Last Call

With more than 200,000 residents and a couple million tourists each year, Beaufort and Jasper counties are no longer the sleepy paradise of years past. 

But with growth comes issues: Development in both counties; the Hilton Head bridge replacement; Hardeeville’s rapid growth; school crowding and quality; business development; traffic; workforce housing; beach preservation; and others.

What’s more, local and county governments sometimes appear to make decisions behind closed doors, sometimes giving short shrift to residents’ views.

To understand the issues and to push for progress, residents need a common source of credible information. Yet throughout the Lowcountry that information can be fragmented, conflicting, incomplete, dated, or just plain wrong. 

Nationally, cities and towns suffer from a lack of credible and comprehensive local news coverage that can educate and unite people, empower them to successfully address challenges and take full advantage of all that their communities have to offer. 

There are less than half as many journalists working in American newsrooms today as there were in 2008. Typically, local newsrooms are managed from afar as small cogs in big corporate operations. Fewer resources mean fewer stories covered and less time for reporters to produce in-depth and investigative reports. 

Don’t blame local journalists. They do their best but are victims of changing economics, digital competition and audience fragmentation that results in people gravitating to narrow sources that support their personal views, often without facts. 

Meanwhile, hearsay and rumor masquerade as facts on social media and are repeated until people believe them more than they believe real journalism.

The result: Misinformed and under-informed residents are ill-equipped to participate in government and community initiatives. And there’s less information about community events and passions. Rather than pulling together, people drift apart. That’s why a timely, broad and objective local news source is important for all communities.

Good local news organizations can unite audiences with a common understanding of issues and opportunities and help readers make their voices heard. They can force officials to do the people’s business in public and in that way restore trust in government and other institutions.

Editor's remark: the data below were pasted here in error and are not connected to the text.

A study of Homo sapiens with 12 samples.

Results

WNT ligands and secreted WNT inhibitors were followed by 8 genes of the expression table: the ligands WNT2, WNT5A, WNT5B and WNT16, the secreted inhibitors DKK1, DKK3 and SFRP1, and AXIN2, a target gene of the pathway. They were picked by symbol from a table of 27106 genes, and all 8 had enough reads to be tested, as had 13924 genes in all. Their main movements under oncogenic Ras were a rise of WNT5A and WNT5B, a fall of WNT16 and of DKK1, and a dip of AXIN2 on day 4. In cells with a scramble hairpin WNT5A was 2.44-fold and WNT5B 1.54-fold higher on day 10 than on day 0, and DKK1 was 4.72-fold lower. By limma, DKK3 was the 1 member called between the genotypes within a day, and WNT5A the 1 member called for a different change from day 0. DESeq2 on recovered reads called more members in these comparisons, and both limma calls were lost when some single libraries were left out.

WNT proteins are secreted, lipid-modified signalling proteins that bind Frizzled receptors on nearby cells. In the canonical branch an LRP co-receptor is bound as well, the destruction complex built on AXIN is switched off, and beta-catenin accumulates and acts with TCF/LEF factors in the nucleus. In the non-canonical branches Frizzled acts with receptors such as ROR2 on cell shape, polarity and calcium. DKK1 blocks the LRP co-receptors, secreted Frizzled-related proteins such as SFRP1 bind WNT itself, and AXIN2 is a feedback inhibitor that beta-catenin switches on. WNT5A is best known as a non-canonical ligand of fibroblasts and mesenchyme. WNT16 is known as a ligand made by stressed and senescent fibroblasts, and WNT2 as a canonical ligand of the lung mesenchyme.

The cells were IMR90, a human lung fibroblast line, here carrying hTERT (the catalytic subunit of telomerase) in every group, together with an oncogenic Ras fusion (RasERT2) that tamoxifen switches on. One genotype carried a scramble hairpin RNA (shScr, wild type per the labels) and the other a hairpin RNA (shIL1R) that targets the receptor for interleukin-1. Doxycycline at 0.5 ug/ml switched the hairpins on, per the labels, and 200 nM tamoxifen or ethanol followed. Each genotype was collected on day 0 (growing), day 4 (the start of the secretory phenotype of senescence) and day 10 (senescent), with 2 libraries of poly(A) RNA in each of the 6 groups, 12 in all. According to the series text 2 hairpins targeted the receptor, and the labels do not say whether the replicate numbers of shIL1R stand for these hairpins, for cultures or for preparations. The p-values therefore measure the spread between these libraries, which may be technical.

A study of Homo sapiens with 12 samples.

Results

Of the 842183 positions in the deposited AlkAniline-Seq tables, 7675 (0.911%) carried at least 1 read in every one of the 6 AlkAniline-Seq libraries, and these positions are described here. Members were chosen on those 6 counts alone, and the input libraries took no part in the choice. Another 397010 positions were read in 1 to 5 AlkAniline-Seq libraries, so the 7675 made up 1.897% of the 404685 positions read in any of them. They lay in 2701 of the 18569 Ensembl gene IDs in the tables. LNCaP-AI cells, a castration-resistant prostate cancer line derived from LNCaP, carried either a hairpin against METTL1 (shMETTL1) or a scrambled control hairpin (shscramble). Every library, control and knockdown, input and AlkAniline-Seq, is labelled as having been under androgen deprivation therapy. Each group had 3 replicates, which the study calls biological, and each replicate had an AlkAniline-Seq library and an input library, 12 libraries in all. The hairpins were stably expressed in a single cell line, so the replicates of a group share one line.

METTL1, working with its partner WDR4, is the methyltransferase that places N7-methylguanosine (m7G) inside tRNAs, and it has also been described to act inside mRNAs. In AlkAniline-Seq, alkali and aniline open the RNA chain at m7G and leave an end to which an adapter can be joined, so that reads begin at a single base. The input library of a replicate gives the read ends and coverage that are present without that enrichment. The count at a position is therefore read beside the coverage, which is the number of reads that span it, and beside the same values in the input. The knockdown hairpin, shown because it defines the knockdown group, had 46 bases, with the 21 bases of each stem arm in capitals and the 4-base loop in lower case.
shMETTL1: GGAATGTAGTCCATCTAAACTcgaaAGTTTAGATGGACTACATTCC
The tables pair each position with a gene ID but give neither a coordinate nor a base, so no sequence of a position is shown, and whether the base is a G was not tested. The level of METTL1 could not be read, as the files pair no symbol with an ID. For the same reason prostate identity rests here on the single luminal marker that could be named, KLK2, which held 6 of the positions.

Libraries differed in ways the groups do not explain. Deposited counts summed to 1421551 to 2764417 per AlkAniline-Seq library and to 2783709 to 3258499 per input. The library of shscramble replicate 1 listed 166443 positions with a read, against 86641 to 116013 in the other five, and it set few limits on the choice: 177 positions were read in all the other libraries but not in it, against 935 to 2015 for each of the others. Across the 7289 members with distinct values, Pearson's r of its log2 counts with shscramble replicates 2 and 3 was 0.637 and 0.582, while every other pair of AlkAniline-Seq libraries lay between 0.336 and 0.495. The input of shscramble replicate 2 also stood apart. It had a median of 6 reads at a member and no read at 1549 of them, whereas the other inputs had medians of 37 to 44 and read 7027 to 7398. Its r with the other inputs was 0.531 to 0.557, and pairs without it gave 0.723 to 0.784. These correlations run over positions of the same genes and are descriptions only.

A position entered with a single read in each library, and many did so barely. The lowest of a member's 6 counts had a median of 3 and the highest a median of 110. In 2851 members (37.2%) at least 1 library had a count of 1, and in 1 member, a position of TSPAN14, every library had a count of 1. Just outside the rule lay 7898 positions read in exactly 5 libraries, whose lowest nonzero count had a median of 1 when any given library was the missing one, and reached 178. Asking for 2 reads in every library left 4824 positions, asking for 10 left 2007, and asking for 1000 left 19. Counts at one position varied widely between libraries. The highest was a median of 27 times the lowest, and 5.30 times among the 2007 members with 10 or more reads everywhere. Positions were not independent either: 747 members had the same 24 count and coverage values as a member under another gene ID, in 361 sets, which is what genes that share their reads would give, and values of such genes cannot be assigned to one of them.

They can help businesses connect with customers and drive the local economy. They can show residents how to make the most of what their towns offer. Information leads to participation and participation leads to progress.

Good local news coverage can drive communities forward and enhance the quality of life.

Can the decline in local news coverage be reversed? Across America a new and promising economic model is gaining a foothold.

There are more than 1,100 nonprofit local news organizations across the country. 

Founded and run by residents rather than by the national companies that own legacy newsrooms, they are fueled by professional journalists who live in the communities they serve.

Residents support them through donations, grants and other means. 

They are beholden to their neighbors, not to Wall Street. And they produce journalism of consequence — timely, objective and relevant. 

They understand the promise and limits of life in their communities, from bridge projects to housing. They care about their towns.

As communities band together to support their own news source, they can fill the news and information gap so common across America.

Mark Silverman is a retired newspaper editor and Gannett corporate executive. To give feedback or get involved, contact him at is a local nonprofit foundation committed to preserving the integrity of local journalism.